At a town hall Thursday with Central Student Government members and Ann Arbor city officials, members of each group tried to find common ground between city and student interests for downtown housing.
During the event, individuals compared housing costs near the University of Michigan to other Big Ten schools, saying that the University’s housing is more expensive. Speakers also noted the economic drawbacks of a less diverse group of individuals living in an areas like downtown Ann Arbor.
CSG recently created an affordable housing project in response to student concern about the high costs of off-campus housing. Public Policy junior Nadine Jawad, who spearheaded the initiative, said the town hall was an important launching point for further communication between students and city officials. About 25 individuals attended the event, the majority of which were students.
“We have to be allies and work together with the community, with the larger Washtenaw County, with the city, with the campus, and think (about) how we can unify our interests to benefit all,” Jawad said.
Ann Arbor City Councilmember Zachary Ackerman (D–Ward 3), who is a recent University graduate, and County Commissioner Yousef Rabhi, both on the panel, emphasized impacts of increasing housing costs, such as the exclusion of students of lower socioeconomic status.
“(Ann Arbor’s) diversity is slowly escaping us,” Rabhi said. “If we don’t work hard and make sure we have our full options on where to live, not only will our student body become less diverse, our community will become less diverse.”
Teresa Gillotti, Washtenaw County housing and infrastructure manager and another panelist, said 56 percent of tenants in Ann Arbor and Ypsilanti — comprised of mostly students — pay 30 percent or more of their income on rent. Some students consider the high rent pricing in Ann Arbor unaffordable, which could be a reason why some students are choosing to commute, Gillotti said.
Rabhi echoed her point, saying housing downtown was out of reach for a growing number of residents.
“People are just not making enough to afford the housing in Ann Arbor,” he said.
Gillotti said the more mixed-income a community is, the better the economy will be, as there will be more people buying from a diverse range of Ann Arbor businesses.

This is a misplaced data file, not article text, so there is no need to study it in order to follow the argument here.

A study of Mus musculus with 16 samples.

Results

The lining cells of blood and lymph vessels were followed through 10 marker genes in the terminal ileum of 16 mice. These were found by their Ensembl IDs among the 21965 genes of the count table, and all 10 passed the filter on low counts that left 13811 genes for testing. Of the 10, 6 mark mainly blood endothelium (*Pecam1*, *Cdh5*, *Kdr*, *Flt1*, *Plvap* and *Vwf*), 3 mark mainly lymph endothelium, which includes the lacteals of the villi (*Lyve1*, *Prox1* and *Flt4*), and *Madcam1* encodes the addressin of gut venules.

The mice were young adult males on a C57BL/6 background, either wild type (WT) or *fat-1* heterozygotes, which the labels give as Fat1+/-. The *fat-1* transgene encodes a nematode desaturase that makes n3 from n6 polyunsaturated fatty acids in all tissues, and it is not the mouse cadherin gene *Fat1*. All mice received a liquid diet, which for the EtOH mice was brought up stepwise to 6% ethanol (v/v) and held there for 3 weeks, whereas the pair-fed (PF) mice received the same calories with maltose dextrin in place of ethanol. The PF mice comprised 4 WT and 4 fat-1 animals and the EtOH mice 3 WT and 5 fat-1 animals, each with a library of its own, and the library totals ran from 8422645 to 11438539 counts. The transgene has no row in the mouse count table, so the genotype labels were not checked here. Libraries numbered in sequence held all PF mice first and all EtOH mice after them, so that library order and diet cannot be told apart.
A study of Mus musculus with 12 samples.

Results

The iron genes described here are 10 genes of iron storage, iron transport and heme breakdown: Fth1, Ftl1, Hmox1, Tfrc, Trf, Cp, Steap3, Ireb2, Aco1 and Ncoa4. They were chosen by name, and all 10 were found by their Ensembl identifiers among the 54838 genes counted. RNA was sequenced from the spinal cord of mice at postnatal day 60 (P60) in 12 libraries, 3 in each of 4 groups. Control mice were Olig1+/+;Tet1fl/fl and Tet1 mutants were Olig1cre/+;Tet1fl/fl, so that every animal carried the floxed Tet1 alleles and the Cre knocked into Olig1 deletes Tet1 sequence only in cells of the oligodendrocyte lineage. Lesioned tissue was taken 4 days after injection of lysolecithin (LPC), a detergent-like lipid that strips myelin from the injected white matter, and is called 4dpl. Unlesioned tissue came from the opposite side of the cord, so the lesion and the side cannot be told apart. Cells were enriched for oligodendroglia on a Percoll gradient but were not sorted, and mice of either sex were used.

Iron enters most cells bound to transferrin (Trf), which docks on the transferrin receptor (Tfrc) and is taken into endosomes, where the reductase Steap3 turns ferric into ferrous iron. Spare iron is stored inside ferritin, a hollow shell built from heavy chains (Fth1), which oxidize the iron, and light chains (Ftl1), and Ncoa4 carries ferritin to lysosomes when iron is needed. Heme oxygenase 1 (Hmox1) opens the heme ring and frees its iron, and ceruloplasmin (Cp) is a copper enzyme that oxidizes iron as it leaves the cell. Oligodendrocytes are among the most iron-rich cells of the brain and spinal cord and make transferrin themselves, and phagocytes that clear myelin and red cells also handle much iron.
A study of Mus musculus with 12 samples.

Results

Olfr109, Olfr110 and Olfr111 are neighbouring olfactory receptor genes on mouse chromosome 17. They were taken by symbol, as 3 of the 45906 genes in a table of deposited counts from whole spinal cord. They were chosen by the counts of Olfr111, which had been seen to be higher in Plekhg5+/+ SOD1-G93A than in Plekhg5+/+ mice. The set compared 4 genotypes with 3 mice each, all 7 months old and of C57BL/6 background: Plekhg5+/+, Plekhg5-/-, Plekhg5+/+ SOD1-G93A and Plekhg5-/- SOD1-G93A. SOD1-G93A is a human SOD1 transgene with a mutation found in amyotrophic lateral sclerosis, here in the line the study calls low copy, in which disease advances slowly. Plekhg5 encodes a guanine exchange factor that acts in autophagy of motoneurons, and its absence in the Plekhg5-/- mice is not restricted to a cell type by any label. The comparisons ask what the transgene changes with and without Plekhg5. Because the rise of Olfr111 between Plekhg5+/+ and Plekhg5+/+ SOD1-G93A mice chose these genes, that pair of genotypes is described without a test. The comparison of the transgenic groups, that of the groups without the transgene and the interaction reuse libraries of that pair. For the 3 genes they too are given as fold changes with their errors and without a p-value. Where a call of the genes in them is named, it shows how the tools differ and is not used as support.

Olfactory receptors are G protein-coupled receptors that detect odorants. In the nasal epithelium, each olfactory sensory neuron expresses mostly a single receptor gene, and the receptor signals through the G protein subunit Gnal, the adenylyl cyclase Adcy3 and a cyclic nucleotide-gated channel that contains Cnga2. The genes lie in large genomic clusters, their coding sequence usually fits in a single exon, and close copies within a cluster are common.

Ackerman also discussed past city efforts to incentivize affordable housing, including a “premium” system where high-rises could have more stories if they met affordable housing or environmental safety qualifications. However, he noted high-rise companies rarely choose to build affordable housing.
Another issue raised at the town hall was the impact increased housing density, a popular suggestion for fixing housing issues, might have on crime in the city. Mary Jo Callan, director of the Ginsberg Center, a University of Michigan organization focused around social change, said crime would not be a concern in increasing housing density, as research has yet to prove a link between lower housing costs and criminal activity.
“That’s just factually inaccurate,” Callan said.
Callan also noted that with nearly 9,000 of 43,000 students living in campus housing, the University — one of the biggest economic players in Ann Arbor and the region— actively contributes to congestion. While 3,500 jobs are created by the University, Callan said two-thirds of those individuals don’t contribute to the city’s economy fully because they don’t live in Ann Arbor but do use city transportation.
Gillotti said the University often views the housing problem in Ann Arbor as a transportation problem, highlighting the need for a rail system or better public transportation to downtown. She suggested students bring in data from other Big Ten schools on commuters to compare to the University, noting that people consistently commuting from work or school can cause negative economic effects on Ann Arbor.
“The most action at this University happens when students are involved,” she said.
Callan also said students can be a huge ally in the efforts to combat high costs, which Ackerman echoed, adding that during city elections in August, the median age of the voter is 61 years old.
“(Ackerman) is a true ally, but he is one of 11,” Callan said. “Politicians only have as much courage as we, voters, the community, have.”
After the event, Jawad said she thought the panel opened up to future possibilities on how to move forward with the affordable housing project.
“Hopefully we can use this to make tangible action items afterwards,” she said. “I think engaged conservations towards people like (Rahbi) is where the change is going to come from.”
LSA sophomore Tara Jarayam, an attendee, said she hopes to see more students and faculty participating in future discussions. Jarayam added she also hopes to see more tangible student solutions to some of the housing issues in the future.
“Housing is one of the most anxiety-inducing process for me right now,” Jarayam said. “The fact that we aren’t guaranteed housing after freshman year … it’s very stressful.”
LSA sophomore Nathan Wilson, a LSA student government representative who attended the event, said he feels like he has little control over the cost of his rent, citing an incident where his landlord raised his by $100.
“It’s almost impossible to not get taken advantage of,” he said. “Even if you are the most on-top-of-it person, there’s no way can you discuss your way into a reasonable lease anywhere around here.”